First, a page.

Title: Blue Rider
Release Date: December 13, 2018
Reviewed On: Switch
Genre: Twin-Stick Shooter
Schmups come in all shapes and sizes, but one thing is for sure, I find the genre pretty enjoyable through all the high anxiety moments of bullet hell and frustration. To me, the genre has this tried and true way of using an easy to pick up, but tough to master formula that is unique and fun. Ravegun’s title Blue Rider puts forth this shmup formula and presents it in interesting ways that make it addictive to the point where you’ll want to complete the game through all 9 of its sometimes difficult stages, even though there are some minor improvements that could be made.
Blue Rider puts you right into the action where players can choose any stage they’ve completed and start blasting their way to the boss. The game has multiple difficulties that vary drastically, but I will say that even on Normal mode the game can be excruciatingly difficult, especially during the last two stages. Blue Rider puts the player at an overhead view of the ship and allows for 3D mobility around the map. At first, I will admit that I didn’t like this viewpoint due to my lack of experience with games of this type, but after a while, I ended up understanding how to maneuver my ship properly to avoid getting shot down. Similarly, being a 3D shmup, it’s possible to use cover or flee from battles if things are getting too overbearing. Now, there isn’t really a story in Blue Rider, but I liked to imagine that robots took over the world and began polluting it so I had to take ’em out.
So while you head through the stages, enemies will come up on screen and shoot waves of bullets at you, you know typical shmup. Bullet patterns are what you’d expect, but the later enemies in the game definitely like to get creative as they are equipped with Gatling guns, missiles, and those annoying spread shots. When it comes to being challenging, Blue Rider has a good grasp on how to make the player hesitantly fly into a new area, but the game does reward those who rush into combat with a higher score multiplier, which was reason enough for me go in guns blazing. However, as I said the levels can get extremely difficult towards the end of the game and you’ll be begging for an extra life or health from the very begging of level 7, but for me, this just added to the replayability of the game.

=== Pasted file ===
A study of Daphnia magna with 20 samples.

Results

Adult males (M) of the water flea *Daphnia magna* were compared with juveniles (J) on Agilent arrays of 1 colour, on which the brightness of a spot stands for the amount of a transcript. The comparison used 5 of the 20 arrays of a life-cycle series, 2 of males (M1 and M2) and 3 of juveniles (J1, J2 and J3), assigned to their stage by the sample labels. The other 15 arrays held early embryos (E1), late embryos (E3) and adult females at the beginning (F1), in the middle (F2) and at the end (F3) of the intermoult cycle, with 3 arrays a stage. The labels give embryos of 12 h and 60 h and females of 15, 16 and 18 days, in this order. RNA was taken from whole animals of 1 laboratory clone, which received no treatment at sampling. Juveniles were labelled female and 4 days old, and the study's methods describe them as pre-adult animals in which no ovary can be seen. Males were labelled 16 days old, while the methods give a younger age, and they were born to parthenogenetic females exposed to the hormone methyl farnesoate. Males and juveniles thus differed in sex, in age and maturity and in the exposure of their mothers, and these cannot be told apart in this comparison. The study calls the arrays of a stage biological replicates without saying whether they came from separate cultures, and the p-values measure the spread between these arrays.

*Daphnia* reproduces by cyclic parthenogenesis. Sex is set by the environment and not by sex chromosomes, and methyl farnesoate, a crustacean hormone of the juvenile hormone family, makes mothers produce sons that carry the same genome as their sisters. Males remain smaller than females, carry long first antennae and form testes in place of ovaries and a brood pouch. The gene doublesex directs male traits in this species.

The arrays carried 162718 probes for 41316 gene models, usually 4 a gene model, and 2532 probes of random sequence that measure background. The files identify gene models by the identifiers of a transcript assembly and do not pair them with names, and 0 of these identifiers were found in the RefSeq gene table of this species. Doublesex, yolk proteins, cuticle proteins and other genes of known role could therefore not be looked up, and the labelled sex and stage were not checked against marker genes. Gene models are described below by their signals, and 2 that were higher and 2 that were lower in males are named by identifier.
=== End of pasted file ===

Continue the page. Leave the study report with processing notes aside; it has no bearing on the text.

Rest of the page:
A few things add to the difficulty of the game, but one of them is definitely the lack of options to add lives to the start of your game in the options menu. Players start off with 0 lives, and a life bar, and must get to a certain score in order to get an extra life. Although the hardcore gamer in me liked this approach to “no messing around”, I would have like to maybe practice maps with a stock full of lives and power-ups so I can learn them for when I really make my way through the game. One map, in particular, would be the volcano stage where the ground falls from underneath you into lava and the map branches with tons of enemies surrounding you. Although it’s possible to just jump right back into the stage, you will start with no power upgrades.
The player has two bullet pattern that they can use, a spread shot and a straight shot. Each can be leveled up 15 times with power-ups found on the map. I enjoyed that you are rewarded for exploring the maps with extra points and power-ups because it added something else to do in the game outside of shooting enemies. I do wish that there were other weapons that you can get, but they both work equally as good and I didn’t end up preferring one over the other.
I really enjoyed the level design in Blue Rider. It’s as if the developer aimed for continuity between maps as each stage felt like it blended into the other from the start. There are also some interesting gimmicks such as triggering gates by blowing up the power source or clearing out areas of a map to trigger the boss. I found that I enjoyed each level, minus the volcano level, and didn’t mind replaying them after I inevitably died.
When it comes to enemy types, Blue Rider has enough to offer to where you don’t see too many repeats, but they would pop up from time to time. This wasn’t a problem for a pro like me though who would shoot them down before they entered the screen. In all seriousness, the enemies were difficult and frustrating and I love them for that. They made me think about the best way to approach them in order to take them out without taking damage myself. Furthermore, the bosses were all unique, but the tougher bosses at the end held my interest over the whatever bosses of the begging stages who could be taken out pretty easily. I’d also like to add that I really liked the soundtrack and thought that it set the mode for the levels and boss battles perfectly.
Blue Rider is a decently good 3D shmup. On the Nintendo Switch, the game ran almost flawlessly with only one slowdown that I can remember. This is definitely an easy game to turn on while you’re on the go and complete some levels. However, I would have enjoyed a bit more options and customization to extend my time with the game. With that said, after playing the game through a few times I came out with a satisfying experience and I wouldn’t mind playing more.
Blue Rider is frustrating, fun, and addictive. Although the game lacks content and the difficulty of the last few stages requires multiple playthroughs, it nearly makes up for it with its beautifully themed stages, fun boss battles, and various enemies. I would definitely like to see more from this developer because they are on the right track to creating fun twin-stick shooters.